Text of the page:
How to use photos from Getty Images for free on your blog

Getty Images now offers an embed tool that allows photos to be used on a non-commercial site without a watermark

Getty Images has one of the largest photo libraries in the world, and the company recently made this library free to use for non-commercial purposes. You are now allowed to browse the Getty Images site for any photo you are after, and then embed that image on your Web page, or share it via Twitter and Tumbler, without the image having a watermark.

Here’s how it’s done.

First things first, you’ll need to direct your browser to the Getty Images Web site in order to search for the photo you’re after. For regular photos, you’ll need to tick on the Editorial Images option for your search. You can sort photos based on how recent they are, or just bring up the most popular ones.

Searching Getty for the right Sydney Kings image, which we can then use for free on a non-commercial site.
Searching Getty for the right Sydney Kings image, which we can then use for free on a non-commercial site.

In our example, we searched for photos of the Sydney Kings basketball team playing against the Perth Wildcats. This game occurred a few days before the writing of this guide. Immediately, we saw photos from Getty Images’ photographers, and there were plenty of action shots to select.

If we want to embed any photos in a personal or non-commercial blog post, all we have to do is click on the image to bring up the larger size, and look for the little tools underneath it.

The embed tool appears under the photo after you click on its thumbnail in the search results.
The embed tool appears under the photo after you click on its thumbnail in the search results.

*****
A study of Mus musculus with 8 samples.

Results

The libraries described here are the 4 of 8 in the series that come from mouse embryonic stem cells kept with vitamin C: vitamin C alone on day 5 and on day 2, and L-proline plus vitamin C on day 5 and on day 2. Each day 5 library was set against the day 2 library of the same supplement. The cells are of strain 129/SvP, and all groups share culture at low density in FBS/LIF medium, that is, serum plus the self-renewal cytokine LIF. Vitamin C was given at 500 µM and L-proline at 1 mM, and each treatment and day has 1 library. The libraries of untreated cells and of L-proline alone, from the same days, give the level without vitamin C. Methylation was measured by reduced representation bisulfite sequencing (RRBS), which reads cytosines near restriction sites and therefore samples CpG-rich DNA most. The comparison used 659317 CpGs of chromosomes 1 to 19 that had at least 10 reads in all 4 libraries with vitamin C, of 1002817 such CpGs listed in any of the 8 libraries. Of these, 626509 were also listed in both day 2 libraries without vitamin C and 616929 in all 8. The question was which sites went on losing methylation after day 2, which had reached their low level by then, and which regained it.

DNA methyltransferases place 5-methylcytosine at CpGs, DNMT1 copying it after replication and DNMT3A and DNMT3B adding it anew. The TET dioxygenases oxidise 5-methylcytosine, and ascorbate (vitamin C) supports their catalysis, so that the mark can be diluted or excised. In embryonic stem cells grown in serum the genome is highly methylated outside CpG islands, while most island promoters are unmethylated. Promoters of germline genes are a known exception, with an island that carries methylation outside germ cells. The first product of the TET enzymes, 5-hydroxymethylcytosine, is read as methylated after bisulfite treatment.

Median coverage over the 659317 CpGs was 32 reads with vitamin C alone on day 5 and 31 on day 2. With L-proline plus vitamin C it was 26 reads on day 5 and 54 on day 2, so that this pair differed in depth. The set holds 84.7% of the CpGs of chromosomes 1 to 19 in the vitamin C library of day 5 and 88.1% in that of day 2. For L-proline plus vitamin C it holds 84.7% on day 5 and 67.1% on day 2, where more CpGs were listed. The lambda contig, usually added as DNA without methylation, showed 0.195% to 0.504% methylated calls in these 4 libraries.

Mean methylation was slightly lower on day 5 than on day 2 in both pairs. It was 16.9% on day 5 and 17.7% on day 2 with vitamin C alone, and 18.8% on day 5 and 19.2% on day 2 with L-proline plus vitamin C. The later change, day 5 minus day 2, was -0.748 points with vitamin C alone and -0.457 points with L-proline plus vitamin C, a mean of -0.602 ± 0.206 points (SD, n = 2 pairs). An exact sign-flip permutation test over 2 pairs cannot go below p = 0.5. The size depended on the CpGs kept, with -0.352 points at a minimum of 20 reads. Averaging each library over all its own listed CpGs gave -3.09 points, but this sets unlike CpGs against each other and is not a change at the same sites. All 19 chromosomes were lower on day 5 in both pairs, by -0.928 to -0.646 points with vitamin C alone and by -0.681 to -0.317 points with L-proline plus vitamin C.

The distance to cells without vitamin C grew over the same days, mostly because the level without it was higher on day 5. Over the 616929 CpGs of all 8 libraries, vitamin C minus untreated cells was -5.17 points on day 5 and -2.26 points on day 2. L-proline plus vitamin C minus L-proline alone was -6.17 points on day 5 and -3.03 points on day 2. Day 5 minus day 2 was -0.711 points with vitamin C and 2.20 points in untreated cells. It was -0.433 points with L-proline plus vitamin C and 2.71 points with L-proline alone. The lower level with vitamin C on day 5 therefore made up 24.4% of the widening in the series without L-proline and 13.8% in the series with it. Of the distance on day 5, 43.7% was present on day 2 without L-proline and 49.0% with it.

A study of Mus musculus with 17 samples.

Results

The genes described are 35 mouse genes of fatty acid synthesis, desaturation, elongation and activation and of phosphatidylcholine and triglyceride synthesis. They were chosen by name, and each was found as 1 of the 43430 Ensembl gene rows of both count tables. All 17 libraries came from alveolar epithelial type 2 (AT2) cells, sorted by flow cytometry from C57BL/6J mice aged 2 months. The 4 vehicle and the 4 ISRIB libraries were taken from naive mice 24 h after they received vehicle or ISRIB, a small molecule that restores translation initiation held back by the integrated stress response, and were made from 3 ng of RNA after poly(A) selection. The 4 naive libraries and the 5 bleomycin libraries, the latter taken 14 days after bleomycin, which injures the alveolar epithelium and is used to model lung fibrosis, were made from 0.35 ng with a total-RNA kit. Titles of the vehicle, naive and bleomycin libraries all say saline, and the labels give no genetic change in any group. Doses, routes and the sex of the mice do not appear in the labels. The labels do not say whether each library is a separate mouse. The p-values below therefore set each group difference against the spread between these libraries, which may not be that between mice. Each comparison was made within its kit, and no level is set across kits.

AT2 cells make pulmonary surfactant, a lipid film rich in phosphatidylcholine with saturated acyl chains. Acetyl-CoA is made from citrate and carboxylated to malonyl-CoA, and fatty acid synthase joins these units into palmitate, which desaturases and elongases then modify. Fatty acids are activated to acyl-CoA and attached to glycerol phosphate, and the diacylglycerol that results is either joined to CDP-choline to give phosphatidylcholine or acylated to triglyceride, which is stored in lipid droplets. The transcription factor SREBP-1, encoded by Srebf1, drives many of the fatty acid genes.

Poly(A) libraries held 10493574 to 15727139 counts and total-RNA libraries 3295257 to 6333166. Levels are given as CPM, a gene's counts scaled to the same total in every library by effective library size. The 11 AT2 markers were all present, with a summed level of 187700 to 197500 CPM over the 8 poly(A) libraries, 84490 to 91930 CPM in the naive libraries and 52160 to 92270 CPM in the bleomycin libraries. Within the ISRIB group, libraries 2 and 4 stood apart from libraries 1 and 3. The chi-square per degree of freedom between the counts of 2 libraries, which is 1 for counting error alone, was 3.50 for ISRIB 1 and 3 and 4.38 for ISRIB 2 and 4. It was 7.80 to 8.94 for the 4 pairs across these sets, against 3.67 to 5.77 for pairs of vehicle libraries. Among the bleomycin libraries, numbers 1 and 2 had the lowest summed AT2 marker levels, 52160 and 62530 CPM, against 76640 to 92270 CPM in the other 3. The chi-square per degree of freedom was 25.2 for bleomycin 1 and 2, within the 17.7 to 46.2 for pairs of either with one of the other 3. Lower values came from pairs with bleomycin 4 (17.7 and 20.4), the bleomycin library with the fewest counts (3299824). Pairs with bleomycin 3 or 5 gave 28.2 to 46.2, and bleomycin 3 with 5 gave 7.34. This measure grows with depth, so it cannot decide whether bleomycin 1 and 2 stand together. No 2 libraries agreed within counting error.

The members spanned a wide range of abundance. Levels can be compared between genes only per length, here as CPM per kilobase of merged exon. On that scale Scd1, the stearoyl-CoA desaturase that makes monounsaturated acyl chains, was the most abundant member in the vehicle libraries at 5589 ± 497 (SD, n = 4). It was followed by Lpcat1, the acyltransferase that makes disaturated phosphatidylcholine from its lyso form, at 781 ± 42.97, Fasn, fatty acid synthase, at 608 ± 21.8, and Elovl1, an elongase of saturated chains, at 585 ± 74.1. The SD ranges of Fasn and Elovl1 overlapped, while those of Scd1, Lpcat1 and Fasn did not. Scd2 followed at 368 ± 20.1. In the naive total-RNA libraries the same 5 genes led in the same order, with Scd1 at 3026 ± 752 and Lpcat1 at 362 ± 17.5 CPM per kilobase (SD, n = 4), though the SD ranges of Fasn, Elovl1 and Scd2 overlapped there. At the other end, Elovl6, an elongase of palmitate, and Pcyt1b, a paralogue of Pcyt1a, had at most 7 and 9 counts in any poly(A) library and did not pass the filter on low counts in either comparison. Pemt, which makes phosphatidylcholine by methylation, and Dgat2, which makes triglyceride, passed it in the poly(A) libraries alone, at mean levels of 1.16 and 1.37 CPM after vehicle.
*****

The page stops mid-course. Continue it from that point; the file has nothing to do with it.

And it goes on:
We can click the icon with the two brackets to bring up the code for embedding the images in a blog. The code allows us to select the pixel width and height of our choice. It will appear without the Getty watermark obstructing the photo, and it will include the photographer’s credit at the bottom, as well as Getty Images’ embed and social media sharing tools. Furthermore, the image, when clicked, will link back to the Getty Images site, on which they are hosted.

You can get a preview of what the image will look like on your site.
You can get a preview of what the image will look like on your site.


Elias Plastiras

PC World


Oddbjørn Sjøgren


I think this is a very interesting move by Getty, and so far nicely implemented (although it's a difficult to find the files you can embed)

I think there is also a challenge with defining a "non-commercial blog post".

I'm the CTO of which launched a streaming service for commercial use months ago. Our model is quite different, since we actually pay our photographers, and also let them opt out. It's our belief that professional bloggers and website owners are willing to pay $9.90 per month for a superior product.

If you are interested, read more about our streaming service here:



YES! I'd like to second the defining "non-commercial blog post" challenge.

I'm actually chatting with a rep at Getty Images now trying to figure out if I can use these images in blog posts for clients. No straight answer yet.

Alex Goh


We have been doing embeds for about a year now, having Getty come in does excite us. Innovation in this space is definitely necessary -

Most importantly we use flattened jpgs to facilitate responsive designs and current CMS auto-generated thumbnails.

We aim to be a ethical-use marketplace, so our ethos might differ slightly from corporate Getty. Photographers strictly retain their rights and we only act as a facilitator. Free use is limited to 10,000 impressions but is allowable for commercial use. Our belief is that beyond 10k impressions, you are probably making enough that the photographer should be fairly compensated. While we might suggest image pricing, that is fully up to the image rights owners, giving them full control.

Arlen Lane


Unfortunately, free to use comes with strings attached. This is an excerpt from their terms and conditions "Getty Images (or third parties acting on its behalf) may collect data related to use of the Embedded Viewer and embedded Getty Images Content, and reserves the right to place advertisements in the Embedded Viewer or otherwise monetize its use without any compensation to you."

That being said, I would rather pay $9.90 per month to a service like then use the so called free service from Getty Images. Similarly, I would rather pay $0.99 to WhatsApp and know that my private data is safe.